Danny Sullivan had a big day today. He announced that he’s moving back to California from England this year, and he bought a Mac yesterday. I’m not sure which surprises me more, but it’s probably the Mac thing. I really thought Danny would be the last search/SEO person converted from a PC to a Mac. That also reminded me about a 2008 prediction I made.
I should explain that I love prediction posts. Back at the end of 2007 I wrote a few predictions, and somehow never got around to posting them. Better late than never, although if I waited a few more months I could just recycle them as 2009 predictions. Some of these predictions are more far-fetched and aspirational (as in, “I really wish someone would do this”), but I’ll still throw them out here.
One tricky bit is that I didn’t make any big predictions about Google below — some people still don’t get that this is my personal blog, and they might take my (sometimes wishful) predictions as statements as fact, or assume that I have some inside knowledge when I don’t. With that disclaimer, here are my three-month-late predictions.
- Around February, people will start saying “Holy moly! Apple is grabbing a lot of desktop operating system market share!” In some markets by the end of 2008, Apple’s market share will approach 20%. (By the way, I’m no Apple fanboy; I’m typing this on Windows XP.)
- 2008 will be the year that hacking and search engine optimization (SEO) collide in a major way. By the end of the year, a nontrivial fraction of blackhat SEO will involve illegally hacking sites for links or landing pages. One webhost will get a significant black eye as hundreds or thousands of customers’ websites are hacked. The growth of illegal-blackhat SEO will leave traditional blackhats with a difficult choice: risk doing something illegal or sit out.
- The most exciting product/start-up of 2008 will not be a Web 2.0 company. Instead, it will concentrate on improving email productivity. For users, as you receive email, it will suggest canned replies and show previous related emails. It will also suggest experts or mailing lists that you could route incoming emails to.
- Someone will write a book or ebook about how to run a small start-up or internet business on a shoestring budget. The book will discuss how to squeeze the most value out of Google’s products and will also touch on Amazon’s web services.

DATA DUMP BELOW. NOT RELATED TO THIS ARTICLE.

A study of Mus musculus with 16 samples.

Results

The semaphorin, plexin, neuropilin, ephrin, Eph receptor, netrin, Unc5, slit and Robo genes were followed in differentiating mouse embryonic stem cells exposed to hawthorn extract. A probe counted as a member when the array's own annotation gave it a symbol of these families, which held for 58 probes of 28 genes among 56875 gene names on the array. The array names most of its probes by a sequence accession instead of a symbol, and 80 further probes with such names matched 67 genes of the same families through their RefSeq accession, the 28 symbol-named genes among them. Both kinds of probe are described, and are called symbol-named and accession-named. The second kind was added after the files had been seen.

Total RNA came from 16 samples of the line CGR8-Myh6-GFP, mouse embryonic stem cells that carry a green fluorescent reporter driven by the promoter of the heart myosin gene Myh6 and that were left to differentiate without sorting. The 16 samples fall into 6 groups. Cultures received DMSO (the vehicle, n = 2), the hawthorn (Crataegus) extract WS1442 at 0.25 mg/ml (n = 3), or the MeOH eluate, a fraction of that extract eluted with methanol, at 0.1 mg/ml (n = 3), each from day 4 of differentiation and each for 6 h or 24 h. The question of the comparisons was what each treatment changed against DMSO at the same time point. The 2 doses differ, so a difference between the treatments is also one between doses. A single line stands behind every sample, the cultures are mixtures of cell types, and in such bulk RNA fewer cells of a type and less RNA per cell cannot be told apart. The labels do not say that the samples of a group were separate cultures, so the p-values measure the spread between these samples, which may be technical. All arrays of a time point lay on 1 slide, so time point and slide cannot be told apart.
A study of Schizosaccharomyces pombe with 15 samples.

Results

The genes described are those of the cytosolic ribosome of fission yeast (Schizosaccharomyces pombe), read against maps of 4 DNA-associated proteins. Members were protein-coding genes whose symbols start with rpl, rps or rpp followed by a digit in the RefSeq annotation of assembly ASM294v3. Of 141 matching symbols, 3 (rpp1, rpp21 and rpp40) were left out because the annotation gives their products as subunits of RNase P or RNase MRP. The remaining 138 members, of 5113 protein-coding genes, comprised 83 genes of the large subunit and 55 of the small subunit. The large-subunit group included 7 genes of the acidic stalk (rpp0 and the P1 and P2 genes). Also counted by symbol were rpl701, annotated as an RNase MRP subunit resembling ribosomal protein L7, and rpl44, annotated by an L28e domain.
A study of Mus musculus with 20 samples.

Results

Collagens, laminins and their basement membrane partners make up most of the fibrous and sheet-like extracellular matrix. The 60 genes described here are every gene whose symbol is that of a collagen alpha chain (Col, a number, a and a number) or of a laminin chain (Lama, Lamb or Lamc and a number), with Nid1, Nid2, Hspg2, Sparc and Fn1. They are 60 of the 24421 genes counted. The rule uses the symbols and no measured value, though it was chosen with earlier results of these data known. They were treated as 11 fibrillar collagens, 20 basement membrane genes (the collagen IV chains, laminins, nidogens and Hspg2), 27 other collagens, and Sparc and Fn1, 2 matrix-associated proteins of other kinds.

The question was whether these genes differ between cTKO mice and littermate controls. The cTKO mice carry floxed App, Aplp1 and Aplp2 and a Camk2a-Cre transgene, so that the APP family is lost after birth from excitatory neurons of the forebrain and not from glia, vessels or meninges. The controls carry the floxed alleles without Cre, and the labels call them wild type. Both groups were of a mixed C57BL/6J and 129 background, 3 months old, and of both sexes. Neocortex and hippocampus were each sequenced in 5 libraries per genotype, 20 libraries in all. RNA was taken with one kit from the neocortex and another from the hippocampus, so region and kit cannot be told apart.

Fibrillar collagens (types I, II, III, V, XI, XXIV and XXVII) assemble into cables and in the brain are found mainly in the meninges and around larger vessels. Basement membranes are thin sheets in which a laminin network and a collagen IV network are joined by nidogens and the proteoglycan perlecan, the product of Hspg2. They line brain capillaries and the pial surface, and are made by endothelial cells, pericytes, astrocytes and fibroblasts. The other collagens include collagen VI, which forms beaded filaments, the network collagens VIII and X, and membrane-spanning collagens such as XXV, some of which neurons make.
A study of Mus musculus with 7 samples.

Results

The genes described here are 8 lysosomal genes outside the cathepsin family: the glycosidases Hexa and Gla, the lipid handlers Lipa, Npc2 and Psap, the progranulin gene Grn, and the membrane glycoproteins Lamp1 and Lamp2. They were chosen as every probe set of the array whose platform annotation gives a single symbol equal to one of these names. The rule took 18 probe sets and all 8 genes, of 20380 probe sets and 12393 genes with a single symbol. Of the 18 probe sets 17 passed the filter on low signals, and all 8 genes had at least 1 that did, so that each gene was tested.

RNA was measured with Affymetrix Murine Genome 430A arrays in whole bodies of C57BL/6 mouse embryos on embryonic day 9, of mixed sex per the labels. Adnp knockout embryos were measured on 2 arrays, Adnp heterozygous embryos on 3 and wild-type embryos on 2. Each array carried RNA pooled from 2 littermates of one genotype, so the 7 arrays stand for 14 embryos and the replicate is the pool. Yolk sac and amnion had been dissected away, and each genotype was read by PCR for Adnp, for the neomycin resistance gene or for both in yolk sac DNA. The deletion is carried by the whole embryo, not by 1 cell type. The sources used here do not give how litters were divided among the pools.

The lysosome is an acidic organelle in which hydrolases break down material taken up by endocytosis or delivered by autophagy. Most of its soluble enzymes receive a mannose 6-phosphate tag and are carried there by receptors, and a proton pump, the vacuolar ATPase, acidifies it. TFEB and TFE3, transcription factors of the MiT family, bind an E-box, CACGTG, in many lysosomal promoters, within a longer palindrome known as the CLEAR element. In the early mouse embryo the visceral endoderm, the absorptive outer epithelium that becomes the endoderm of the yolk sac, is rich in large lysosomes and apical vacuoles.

- Someone will launch a “baby startup” that gives advice on baby names, then offers to register a domain named for the baby. For $100, the start-up will power the baby’s domain for several years and will host baby pictures and baby videos. The baby’s domain will be protected by a password, but can be shared with family members.
- An RSS startup will add the ability to take a normal RSS blog feed and produce a “best of” feed that picks only the most popular/controversial/interesting items. You will be able to say (for example) “I want only about three Valleywag posts per day. Pick the best ones for me.” This new offering will cause some controversy across the blogosphere about fair use and copyright. But most bloggers will ultimately decide that they’d rather have the extra “lazy readers” than not have them at all.
- Someone will write a “Google Backup” tool that backs up all your data from Google by saving data from Google Calendar, Gmail, Docs, Reader, websearch, and Blogger.
- A top-level domain (TLD registry) will offer domains for under $4. The result will be another TLD blighted by spammy domain registrations.
- Over 1000 people will begin recording the audio of their daily life, every day, all day.
- The 2008 presidential election will capture much more interest in the U.S. than in recent elections. Most election drama will play out on TV and the campaign trail. We’ll see a few tie-ins with search, but internet-related issues won’t play the vital role in the election that the blogosphere would like it to.
Check back in 2009 to see how I did! Do you have 2008 predictions for the tech industry?